The Next YA Trend: Science Fiction?

A few months ago I bemoaned on Twitter that there was not enough science fiction or space operas in young adult fiction:

Of course, fiction publishing is full of speculation about the next genre people won’t be able to get enough of. Even before the dystopian genre had died (and I’m not 100% sure it has yet), people were hailing the zombie genre with open arms – and just look how dominant that genre has become! /sarcasm

Looking back, it’s not “genre fiction” that succeeded The Hunger Games and its spawn but contemporary and coming of age novels – think The Fault in Our Stars, published in 2012 or The Perks of Being a Wallflower, both recently given the film treatment to much success.

But what’s next? Again, I hate to speculate – but I think it’s going to be science fiction. Space travel. Warp speed. Worm holes. Cryo-sleep, unchartered planets, intergalactic wars, space mining. And doesn’t it all sound so exciting?! I think it does. I’ve been waiting for science fiction to take hold of the young adult market for a while – I love the scale of space, the intricacies and technological marvels of (invented) space travel, the idea of entirely new discoveries to be made. And I’m not the only one – with the release of Christopher Nolan’s Interstellar, it looks like a lot of people are getting off on the idea of whole new worlds.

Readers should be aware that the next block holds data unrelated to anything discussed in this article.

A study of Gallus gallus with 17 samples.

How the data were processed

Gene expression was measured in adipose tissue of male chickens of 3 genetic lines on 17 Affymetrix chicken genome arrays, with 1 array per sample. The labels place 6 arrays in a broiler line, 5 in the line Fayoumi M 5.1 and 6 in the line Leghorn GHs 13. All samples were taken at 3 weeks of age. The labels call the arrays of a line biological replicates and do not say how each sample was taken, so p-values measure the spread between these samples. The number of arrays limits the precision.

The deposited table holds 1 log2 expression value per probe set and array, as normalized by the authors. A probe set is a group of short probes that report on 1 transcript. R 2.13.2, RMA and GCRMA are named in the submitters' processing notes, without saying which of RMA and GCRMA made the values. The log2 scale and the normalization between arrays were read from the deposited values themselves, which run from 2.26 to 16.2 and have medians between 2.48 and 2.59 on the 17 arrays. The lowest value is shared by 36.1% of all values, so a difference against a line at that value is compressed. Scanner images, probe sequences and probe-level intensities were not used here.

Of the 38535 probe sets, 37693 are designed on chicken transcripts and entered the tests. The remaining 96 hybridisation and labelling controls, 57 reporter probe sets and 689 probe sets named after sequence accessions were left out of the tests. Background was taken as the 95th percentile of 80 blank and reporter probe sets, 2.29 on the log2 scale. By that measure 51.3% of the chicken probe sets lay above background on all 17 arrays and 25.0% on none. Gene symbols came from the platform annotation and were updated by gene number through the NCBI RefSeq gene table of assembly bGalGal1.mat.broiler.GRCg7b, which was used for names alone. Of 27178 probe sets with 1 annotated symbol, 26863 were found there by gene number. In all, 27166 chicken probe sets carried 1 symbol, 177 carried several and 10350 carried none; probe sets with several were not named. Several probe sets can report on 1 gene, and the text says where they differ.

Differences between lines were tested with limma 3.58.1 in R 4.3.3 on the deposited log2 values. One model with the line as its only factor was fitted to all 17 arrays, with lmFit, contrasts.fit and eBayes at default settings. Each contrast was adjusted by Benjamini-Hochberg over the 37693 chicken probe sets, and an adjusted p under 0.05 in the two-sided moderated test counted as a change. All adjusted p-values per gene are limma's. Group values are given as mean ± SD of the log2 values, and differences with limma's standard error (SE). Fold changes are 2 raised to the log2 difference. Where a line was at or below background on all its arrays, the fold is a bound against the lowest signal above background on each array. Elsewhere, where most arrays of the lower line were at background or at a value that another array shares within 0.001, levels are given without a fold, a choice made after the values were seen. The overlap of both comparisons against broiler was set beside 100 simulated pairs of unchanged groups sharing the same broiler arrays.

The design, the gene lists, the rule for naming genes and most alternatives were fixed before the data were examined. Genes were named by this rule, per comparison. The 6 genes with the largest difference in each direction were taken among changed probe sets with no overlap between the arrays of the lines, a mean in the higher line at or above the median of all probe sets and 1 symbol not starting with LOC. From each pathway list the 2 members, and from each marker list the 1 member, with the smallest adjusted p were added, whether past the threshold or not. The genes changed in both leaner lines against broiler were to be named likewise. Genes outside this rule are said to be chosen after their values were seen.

“ready to say goodbye to our solar system? To our galaxy – here we go”

YA has already been making a few steps towards sci-fi: think Rick Yancey’s The 5th Wave, which became hugely popular last year and is undergoing a film adaptation, or Pierce Brown’s Red Rising (based on Mars). Was Garth Nix ahead of the curve when he published his space opera A Confusion of Princes in 2012? I hope so. Whether “hard” or “soft” sci-fi, I’m welcoming it with open arms. I’m excited – are you?

Are you convinced? Do you think science fiction will be the next big thing in YA?

About Rhys

Rhys is a 19 year old with roots in the UK and Germany. Aside from reading and blogging, he also produces theatre, loves Kate Bush and hopes to pursue a career in publishing. His reviews have been widely quoted in books such as Philip Reeve’s Mortal Engines Quartet, Catherine Bruton’s Pop!, James Treadwell’s Advent and Anarchy and he has presented at such events as Book Expo America.